DKT provides safe, affordable, and effective family planning products and services. DKT provides 54% all modern family planning methods in Ethiopia, 33% in Ghana, 29% in the Philippines, 28% in the Democratic Republic of Congo and 20% in Indonesia (2015 data).
DKT places a major emphasis on educating and empowering groups with particular needs, such as poor women, youth and adolescents, and marginalized populations so that they can fully understand and capitalize on their available reproductive health options.
For example, one of the keys to DKT’s success in Indonesia has been the Andalan (meaning “reliable”) social franchising of midwives. In Indonesia, DKT is a strong supporter of midwives, who are the main providers of reproductive health services for the lower income and rural segments of Indonesian society. DKT Indonesia reaches an estimated 10,000 midwives monthly, providing materials, technical support and products. DKT has trained over 50,000 midwives in intrauterine device (IUD) and implant insertion and removal.
In Bihar, India, very poor men and women take advantage of the free sterilization procedures provided by DKT’s teams operating in remote government clinics. And DKT holds educational meetings in rural villages and operates informational kiosks at local religious and cultural festivals that provide free contraceptive samples.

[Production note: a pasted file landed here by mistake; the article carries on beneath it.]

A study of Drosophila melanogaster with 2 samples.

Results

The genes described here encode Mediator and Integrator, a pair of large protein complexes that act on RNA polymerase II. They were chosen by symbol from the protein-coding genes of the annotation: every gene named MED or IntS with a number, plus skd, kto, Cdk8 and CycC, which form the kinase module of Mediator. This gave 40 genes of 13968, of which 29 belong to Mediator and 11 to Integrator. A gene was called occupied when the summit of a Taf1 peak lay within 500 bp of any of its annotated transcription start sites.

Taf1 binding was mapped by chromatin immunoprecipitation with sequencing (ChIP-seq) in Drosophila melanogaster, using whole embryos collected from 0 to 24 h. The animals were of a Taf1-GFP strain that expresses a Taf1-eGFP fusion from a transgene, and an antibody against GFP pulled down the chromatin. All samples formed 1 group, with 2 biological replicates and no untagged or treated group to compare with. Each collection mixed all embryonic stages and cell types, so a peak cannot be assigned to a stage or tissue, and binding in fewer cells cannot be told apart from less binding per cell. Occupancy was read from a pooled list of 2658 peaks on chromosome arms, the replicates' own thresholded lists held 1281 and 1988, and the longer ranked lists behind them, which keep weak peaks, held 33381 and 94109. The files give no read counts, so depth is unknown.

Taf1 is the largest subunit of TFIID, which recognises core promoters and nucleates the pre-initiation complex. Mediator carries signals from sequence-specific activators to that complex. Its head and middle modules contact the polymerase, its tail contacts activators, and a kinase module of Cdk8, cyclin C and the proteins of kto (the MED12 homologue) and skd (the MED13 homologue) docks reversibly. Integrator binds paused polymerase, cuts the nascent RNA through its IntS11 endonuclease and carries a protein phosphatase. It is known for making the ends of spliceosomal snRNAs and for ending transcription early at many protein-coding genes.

In Ethiopia, Mozambique and the Democratic Republic of Congo (DRC), DKT responds to local government and NGO requests to provide temporary supplies of free contraceptive commodities to meet shortages or respond to other priorities.
In the DRC, DKT trains doctors, nurses, and paraprofessionals to provide reproductive health counseling and services, including the insertion and removal of IUDs. DKT works closely with the head of the armed forces of the DRC’s reproductive health program to train providers in clinics to advise army personnel about contraceptives.
DKT designs and implements major behavior change communication campaigns that provide people with the information they need to make informed decisions about their reproductive health.
A 2013 research brief by the African Institute for Development Policy identified such educational campaigns as one of the five factors that contributed to the success of family planning in five countries in Eastern and Southern Africa, including Ethiopia.